LOS ANGELES -- If it's any consolation to the slice of Twitterverse that excoriated Rich Hill Wednesday night, he's not arguing with you."Bad outing," said Hill, who walked a career-high seven while losing to the Cardinals, 6-1. "I take full responsibility for that. Gave them the game. It's unacceptable. It's
LOS ANGELES -- If it's any consolation to the slice of Twitterverse that excoriated Rich Hill Wednesday night, he's not arguing with you.
"Bad outing," said Hill, who walked a career-high seven while losing to the Cardinals, 6-1. "I take full responsibility for that. Gave them the game. It's unacceptable. It's really a tough thing to swallow."
Manager Dave Roberts said Hill felt plate umpire Rob Drake was squeezing him on pitches at the top of the strike zone. Roberts also said he would "dig into" the possibility that Hill's notorious middle finger blister was at the core of his curveball inconsistency, although Hill said his finger was fine.
"The finger is no issue," he insisted. "No, I was just terrible. Honestly. It's just embarrassing. I mean, there's no issue with the finger. I'm completely healthy. That's all I can really say about that."
Blister or not, Hill (1-2, 4.76 ERA) was clearly chafed on the mound. He questioned Drake's calls several times, and before the start of the third inning, Drake intercepted Hill at the mound before he could start his warmup throws to try to defuse the clash with a brief talk. Roberts was clearly annoyed that his veteran came so unglued.
"I know he's an emotional pitcher, but you've got to compose yourself in some capacity and still execute pitches," said Roberts. "It wasn't about execution, it was continue to focus on executing and not get too frustrated by the strike zone. I'm just so accustomed to seeing Rich with command of curveball. He can really manipulate, and today he had no feel. Changing arm angles, but couldn't find any consistency tonight."
So in addition to the emotion, Roberts suspects Hill's finger might be at least partially responsible, even though Hill was pitching on two days of extra rest, as the club continues to shuffle starting pitchers around. Hill made 82 pitches, 40 strikes and 42 balls.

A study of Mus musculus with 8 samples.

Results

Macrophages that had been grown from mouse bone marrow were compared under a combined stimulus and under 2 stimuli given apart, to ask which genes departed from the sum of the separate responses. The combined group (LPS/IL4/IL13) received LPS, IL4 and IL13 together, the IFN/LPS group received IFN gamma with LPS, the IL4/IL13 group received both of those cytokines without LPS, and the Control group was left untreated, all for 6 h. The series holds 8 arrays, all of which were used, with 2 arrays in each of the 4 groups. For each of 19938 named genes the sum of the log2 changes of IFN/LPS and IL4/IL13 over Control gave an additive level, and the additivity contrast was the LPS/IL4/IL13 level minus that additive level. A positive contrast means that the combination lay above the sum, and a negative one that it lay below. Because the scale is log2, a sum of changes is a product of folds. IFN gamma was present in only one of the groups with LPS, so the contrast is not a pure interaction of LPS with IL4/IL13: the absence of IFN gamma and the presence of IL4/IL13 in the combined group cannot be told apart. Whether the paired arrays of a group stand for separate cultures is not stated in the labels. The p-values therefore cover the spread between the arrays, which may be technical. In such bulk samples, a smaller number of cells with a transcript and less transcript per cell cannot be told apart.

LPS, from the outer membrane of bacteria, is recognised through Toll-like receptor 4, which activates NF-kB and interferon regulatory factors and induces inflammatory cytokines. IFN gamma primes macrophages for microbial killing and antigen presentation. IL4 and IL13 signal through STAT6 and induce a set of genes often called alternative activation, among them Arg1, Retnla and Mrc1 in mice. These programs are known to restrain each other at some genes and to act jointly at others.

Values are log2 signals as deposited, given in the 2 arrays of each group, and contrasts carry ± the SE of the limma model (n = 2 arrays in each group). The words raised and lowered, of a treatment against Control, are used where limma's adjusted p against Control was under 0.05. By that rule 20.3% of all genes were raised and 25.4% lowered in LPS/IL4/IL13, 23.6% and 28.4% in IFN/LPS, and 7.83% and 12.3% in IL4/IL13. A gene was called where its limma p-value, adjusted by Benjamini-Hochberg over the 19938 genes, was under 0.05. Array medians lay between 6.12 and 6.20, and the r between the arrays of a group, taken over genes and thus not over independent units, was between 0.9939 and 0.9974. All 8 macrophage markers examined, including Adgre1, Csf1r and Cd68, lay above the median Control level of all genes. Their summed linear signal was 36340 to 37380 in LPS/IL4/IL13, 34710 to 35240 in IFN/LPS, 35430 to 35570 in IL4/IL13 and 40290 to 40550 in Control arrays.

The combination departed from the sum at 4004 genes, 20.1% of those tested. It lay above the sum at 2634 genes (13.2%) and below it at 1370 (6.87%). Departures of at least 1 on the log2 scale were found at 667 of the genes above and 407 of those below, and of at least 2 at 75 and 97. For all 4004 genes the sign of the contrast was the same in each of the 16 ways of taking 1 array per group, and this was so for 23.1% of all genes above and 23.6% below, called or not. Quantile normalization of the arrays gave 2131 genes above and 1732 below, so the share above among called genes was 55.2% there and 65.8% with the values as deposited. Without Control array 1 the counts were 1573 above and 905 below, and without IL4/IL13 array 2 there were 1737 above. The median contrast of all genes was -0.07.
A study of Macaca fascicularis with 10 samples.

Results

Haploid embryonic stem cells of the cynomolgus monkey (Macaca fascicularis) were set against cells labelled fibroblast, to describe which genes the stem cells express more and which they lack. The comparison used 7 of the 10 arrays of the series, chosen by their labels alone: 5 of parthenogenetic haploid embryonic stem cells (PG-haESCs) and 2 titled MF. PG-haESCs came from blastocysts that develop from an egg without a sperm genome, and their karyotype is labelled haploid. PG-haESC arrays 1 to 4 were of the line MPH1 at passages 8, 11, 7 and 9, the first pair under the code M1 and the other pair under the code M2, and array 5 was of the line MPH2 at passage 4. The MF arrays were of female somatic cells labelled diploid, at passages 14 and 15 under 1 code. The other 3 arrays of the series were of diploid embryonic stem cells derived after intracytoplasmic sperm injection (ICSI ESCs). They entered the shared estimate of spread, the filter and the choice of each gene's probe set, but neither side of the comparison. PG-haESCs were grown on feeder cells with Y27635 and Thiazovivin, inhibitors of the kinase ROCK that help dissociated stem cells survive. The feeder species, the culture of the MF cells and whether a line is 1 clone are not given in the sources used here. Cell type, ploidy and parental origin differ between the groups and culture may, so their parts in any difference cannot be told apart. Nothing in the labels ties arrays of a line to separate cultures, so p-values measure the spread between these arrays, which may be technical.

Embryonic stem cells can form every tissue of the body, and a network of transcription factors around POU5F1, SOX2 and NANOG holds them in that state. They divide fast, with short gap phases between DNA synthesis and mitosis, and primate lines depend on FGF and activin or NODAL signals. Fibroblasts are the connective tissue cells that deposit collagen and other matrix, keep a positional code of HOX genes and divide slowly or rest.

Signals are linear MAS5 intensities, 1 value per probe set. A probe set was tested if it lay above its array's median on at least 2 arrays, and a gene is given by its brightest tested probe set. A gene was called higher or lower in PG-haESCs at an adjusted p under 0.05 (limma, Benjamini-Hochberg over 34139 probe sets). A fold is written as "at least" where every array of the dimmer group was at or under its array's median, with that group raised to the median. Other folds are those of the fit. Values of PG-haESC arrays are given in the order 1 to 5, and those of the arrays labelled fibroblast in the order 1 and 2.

"Just my intuition watching his curveball command," Roberts said of his suspicions. "I didn't hear anything outside of we got through it. I'm just trying to wrap my head around it, and I think even some curveballs that were borderline at the top of zone, knowing the shape of his curveball, those aren't finished curveballs. I just want to dig into that a little more."
Roberts was also at a loss to explain how Hill had so much trouble in the second, third and fifth innings after opening the game with a five-pitch first inning and retiring the Cardinals in order with a pair of strikeouts in the fourth, only to open the fifth with a four-pitch walk to Stephen Piscotty.
Roberts did speculate on why Hill might have been wound as tightly as he seemed to be.
"When you don't feel you're as sharp as you can be or have been in the past, every pitch that's close you feel you need and when you don't get those pitches it kind of ramps up your frustration a little more," he said. "We all know what Rich can be in recent history. At the forefront is keep the blister at bay and now pitch well. I'm confident he will. This guy is ultra-competitive. He's got them again in St. Louis and he'll be ready to go."
Ken Gurnick has covered the Dodgers for MLB.com since 2001.